15 June 2011

Namibia: Soap Making Project Brings Much Hope

Windhoek — Katutura Soap Project that helps HIV-positive mothers in Namibia to make a living has grown from strength to strength.

From the beginning of June, five women have been producing soaps and generating income for themselves.

Katutura Soap Project is located at Mount Sinai Centre. It started in March 2010 and was founded by volunteers who taught unemployed women to make soap.

Some of the women who participate in the Katutura Soap Project have previously been the beneficiaries of Mount Sinai Centre that helps HIV-positive mothers to keep their babies healthy.

One of the beneficiaries, Maria Ndjigwa, has been working in the Katutura Soap Project for over a year now.

"I like being part of the soap project, because the field has good possibilities to grow in the future. Before I joined the programme, I was a beneficiary of Mount Sinai Centre, where I learnt to bake bread and cookies that I sold at schools. Now I work there only as a volunteer and teach the other women," Ndjigwa said.

Katutura Soap Project uses local and ecologically sound products.

One of the founders of the project, Maarika Hoppula, says all the raw materials used in soap making are sourced from Namibia.

"When the project started, we used to buy olive oil from supermarkets, which could have been brought, for example, from Spain or Italy. But later, the International Women's Association of Namibia got interested in the project and donated one jug of olive oil produced in Swakopmund. Since then, all the ingredients come from Namibia," Hoppula explained.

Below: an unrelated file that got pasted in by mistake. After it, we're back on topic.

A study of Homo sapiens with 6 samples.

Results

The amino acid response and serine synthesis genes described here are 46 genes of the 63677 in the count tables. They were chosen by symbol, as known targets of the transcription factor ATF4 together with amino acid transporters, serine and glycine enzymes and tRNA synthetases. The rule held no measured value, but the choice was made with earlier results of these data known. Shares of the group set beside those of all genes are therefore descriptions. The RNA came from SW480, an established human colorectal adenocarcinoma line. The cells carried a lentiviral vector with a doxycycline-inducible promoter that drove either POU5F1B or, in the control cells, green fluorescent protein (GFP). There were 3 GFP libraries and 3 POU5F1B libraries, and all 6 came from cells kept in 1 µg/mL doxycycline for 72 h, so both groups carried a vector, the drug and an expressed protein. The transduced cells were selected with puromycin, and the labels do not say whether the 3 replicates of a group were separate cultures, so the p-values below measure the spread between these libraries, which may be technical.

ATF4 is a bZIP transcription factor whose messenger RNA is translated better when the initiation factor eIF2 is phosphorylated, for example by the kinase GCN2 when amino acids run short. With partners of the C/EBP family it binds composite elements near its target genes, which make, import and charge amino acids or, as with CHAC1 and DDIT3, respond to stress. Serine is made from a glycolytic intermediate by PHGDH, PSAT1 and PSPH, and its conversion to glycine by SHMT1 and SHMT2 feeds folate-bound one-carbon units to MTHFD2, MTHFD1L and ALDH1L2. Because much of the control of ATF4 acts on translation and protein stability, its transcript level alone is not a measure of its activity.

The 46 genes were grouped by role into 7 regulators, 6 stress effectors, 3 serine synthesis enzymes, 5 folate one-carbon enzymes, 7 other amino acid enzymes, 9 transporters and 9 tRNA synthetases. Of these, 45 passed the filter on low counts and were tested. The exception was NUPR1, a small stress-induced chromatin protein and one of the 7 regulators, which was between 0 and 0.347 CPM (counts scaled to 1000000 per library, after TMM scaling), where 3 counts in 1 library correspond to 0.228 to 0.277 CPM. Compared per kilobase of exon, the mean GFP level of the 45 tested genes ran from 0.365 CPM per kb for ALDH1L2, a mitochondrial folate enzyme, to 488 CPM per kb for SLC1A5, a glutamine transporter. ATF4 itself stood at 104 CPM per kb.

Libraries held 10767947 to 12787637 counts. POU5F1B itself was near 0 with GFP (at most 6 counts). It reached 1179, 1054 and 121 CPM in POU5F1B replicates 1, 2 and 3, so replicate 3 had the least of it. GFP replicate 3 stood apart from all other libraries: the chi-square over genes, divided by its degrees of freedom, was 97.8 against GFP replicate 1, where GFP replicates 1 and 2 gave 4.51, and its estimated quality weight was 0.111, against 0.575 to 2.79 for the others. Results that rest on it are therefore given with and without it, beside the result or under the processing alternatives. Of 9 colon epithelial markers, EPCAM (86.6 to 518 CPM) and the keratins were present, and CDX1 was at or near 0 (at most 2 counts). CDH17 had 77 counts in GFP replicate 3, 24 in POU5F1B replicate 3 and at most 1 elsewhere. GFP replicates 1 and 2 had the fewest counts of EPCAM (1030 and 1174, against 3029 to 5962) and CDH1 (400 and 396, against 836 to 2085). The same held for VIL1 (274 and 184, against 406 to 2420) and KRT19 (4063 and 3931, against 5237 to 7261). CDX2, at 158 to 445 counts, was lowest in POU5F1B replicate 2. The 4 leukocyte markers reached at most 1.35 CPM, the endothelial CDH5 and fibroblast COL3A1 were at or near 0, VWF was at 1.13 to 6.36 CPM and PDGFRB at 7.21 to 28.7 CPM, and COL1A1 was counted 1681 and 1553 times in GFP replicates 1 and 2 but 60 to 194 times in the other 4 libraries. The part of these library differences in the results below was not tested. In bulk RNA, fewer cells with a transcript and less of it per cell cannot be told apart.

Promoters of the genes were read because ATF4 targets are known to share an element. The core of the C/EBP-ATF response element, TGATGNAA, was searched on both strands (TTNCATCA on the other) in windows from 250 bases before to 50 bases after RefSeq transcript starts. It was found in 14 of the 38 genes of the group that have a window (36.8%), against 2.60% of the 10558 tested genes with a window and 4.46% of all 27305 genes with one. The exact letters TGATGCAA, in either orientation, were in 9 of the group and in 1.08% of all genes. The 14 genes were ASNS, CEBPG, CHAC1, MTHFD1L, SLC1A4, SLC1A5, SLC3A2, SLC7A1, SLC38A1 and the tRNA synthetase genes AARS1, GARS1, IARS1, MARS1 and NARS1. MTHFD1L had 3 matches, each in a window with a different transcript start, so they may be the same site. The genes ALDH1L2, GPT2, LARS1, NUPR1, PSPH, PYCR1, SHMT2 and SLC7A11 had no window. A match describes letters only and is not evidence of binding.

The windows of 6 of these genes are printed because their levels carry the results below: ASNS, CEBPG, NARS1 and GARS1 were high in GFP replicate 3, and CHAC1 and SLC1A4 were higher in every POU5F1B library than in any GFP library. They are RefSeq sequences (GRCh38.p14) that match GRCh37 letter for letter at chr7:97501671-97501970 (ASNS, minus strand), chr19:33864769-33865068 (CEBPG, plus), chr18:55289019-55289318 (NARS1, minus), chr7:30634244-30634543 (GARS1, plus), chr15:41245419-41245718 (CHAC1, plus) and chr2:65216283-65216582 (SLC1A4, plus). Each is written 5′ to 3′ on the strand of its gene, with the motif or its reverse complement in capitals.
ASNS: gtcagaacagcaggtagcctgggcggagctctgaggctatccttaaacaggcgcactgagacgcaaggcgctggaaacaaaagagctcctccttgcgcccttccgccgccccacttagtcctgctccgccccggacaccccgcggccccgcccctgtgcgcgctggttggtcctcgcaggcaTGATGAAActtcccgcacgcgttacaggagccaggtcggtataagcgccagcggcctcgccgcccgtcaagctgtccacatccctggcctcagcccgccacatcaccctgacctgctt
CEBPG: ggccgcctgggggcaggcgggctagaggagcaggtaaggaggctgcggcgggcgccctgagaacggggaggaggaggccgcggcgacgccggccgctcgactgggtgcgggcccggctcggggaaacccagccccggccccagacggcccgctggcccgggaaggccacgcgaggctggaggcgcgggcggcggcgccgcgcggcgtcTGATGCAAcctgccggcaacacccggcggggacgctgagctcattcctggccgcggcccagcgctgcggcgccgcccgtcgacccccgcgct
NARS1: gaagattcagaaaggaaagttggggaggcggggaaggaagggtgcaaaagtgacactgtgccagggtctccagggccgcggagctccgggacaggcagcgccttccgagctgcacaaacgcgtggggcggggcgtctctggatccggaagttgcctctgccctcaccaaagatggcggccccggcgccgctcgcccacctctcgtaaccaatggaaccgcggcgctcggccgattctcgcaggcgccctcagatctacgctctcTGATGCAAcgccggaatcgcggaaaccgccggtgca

Hoppula says that through the project women have experimented with new ingredients and formulas to make soap.

Right now they use olive oil and mahangu, which is a common ingredient also on the Namibian dining table.

Also, all the packing materials are recycled: the project makes use of, for example, empty bottles obtained from restaurants.

Hoppula says at the beginning of the project, women made about 10 bars of soap a day, but now the number is 120.

They produce mainly two kinds of soap - gift soap and smaller guesthouse soap they try to sell to hotels.

"We put our hope especially in guesthouse soap. There are a lot of hotels in Namibia, and if we can get them excited about the Katutura Soap Project, it would offer a lot of possibilities for women in the future," Hoppula says.

According to Hoppula, many hotels prefer mass-produced soaps from South Africa, because they are cheaper, a bit over N$1 per bar.

Hand-made soap from Katutura Soap Project costs N$5 per bar. Hoppula hopes that the hotels could look at the quality of the soap and not just the price.

"Even though the price is a bit higher, it also brings work for many Namibians, because all the participants and ingredients are from Namibia. We are happy for the help that associations and people have given us to develop the programme up till now," Hoppula concludes.